Humanities faculty play important part in extended gift from Mellon Foundation

The recent news that the Mellon Foundation extended its support for humanities students was celebrated across the university

The grant continues the foundation’s support of the Cleveland Humanities Collaborative (CHC), which is led by English’s Kurt Koenigsberger, religious studies’ Brian Clites and the organization’s associate director, Lisa Nielson. In this phase of funding, the CHC will receive $1.49 million.

We asked Nielson and Clites to provide us with background on the CHC and what types of programs are being offered:

What is the Cleveland Humanities Collaborative?

photo of Brian Clites

Brian Clites

The Cleveland Humanities Collaborative builds pathways between Case Western Reserve and our community partners. Students in the CHC program can take free classes at CWRU while they work towards their associate degree. After they finish community college, many of the students go on to matriculate at CWRU or another 4-year institution. Our partners are Cuyahoga Community College (Tri-C), Lakeland Community College (LCC) and Lorain County Community College (LCCC).

How does the program work?

Community college students who are eligible for the CHC often begin by taking a class or two at Case Western Reserve as CHC Students, in addition to working towards associate degrees at their respective college. Those students who have been accepted to and choose to matriculate at CWRU become CHC Scholars. There are peer mentors who provide additional support for these students and scholars, as well as the CHC team at Tri-C, and administrators and transfer specialists at LCC and LCCC.

Through the program, we support dually enrolled students who are interested in transferring to a 4-year institution, enabling them to take a class at CWRU while finishing their associate degree. We help them with every aspect of the transfer process—in partnership with Student Affairs and admission’s Eric Sustar—assisting with navigating the Common App, completing the FAFSA and CSS profile, and providing letters of support for each student for their application file. 

You also have the Summer Collaboratory initiative. How does it help students?

Last summer, we piloted our first ever residential Summer Collaboratory, bringing 20 community college students interested in humanities to live on the CWRU campus for 4 weeks. There were nearly 50 applications and the students came from our 3 partner community colleges.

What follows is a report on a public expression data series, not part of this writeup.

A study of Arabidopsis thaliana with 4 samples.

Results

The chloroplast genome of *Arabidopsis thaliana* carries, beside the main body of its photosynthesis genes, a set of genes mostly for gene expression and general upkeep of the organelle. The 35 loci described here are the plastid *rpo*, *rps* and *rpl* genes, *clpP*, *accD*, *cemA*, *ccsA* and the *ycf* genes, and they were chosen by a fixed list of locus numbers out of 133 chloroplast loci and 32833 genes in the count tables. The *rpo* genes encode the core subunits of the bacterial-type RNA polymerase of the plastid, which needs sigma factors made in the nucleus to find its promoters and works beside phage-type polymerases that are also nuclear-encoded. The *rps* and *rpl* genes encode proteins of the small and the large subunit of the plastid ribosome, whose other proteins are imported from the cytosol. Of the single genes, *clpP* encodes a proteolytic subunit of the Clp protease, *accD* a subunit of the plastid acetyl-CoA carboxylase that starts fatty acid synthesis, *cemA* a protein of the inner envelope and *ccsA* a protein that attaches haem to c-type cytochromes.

The participants had the opportunity to experience living on campus and worked on research projects. For many, it was a transformative experience and we are hosting our second collaboration this June.

Who are some of the people in the college working behind the scenes?

photo of Lisa Nielson

Lisa Nielson

Kurt Koenigsberger has held the CHC director role for 8 years. Brian Clites is co-director, and I’m the associate director. Our predecessors were Molly Berger as director, who, along with Beth Trecasa, was one of the architects of the CHC. My predecessor was the marvelous Allison Morgan who built the program manager role, and is now at Tri-C in the Transfer Center.  

How successful have the CHC students been since the start of the program?

Since the program started in 2015, 72 students have taken at least one class and applied to CWRU. Of those, 55 were accepted and 47 of those accepted students matriculated here. CHC students accounted for 9% of all transfers with 63% of them being humanities-focused transfers. There are also students who chose not to matriculate here but have gone on to other 4-year institutions, including Stanford University, Kent State University and Baldwin Wallace College.

After graduation, CHC students have continued to earn graduate and professional degrees, as well as work in a variety of fields. Of the latter, our students work in libraries, law offices, corporations and not-for-profit organizations.

Tell us about the history and direction of the summer faculty seminar

The summer faculty seminar has grown considerably over the years. It began with a one week seminar, and in the second phase of funding from the Mellon Foundation, the CHC partnered with the Anisfield-Wolf Book Awards for the seminar.  

The seminar went from one to two weeks, and last summer we had the largest group of on-campus participants with 27 faculty, staff and community educators from around Northeast Ohio and several historically black colleges and universities.  

Under Phase III, we will shift more towards faculty professional development at the seminars, and will offer just one seminar. Our leader this summer is Derrick Williams, professor of communication at Tri-C and long-time ally/mentor for CHC students.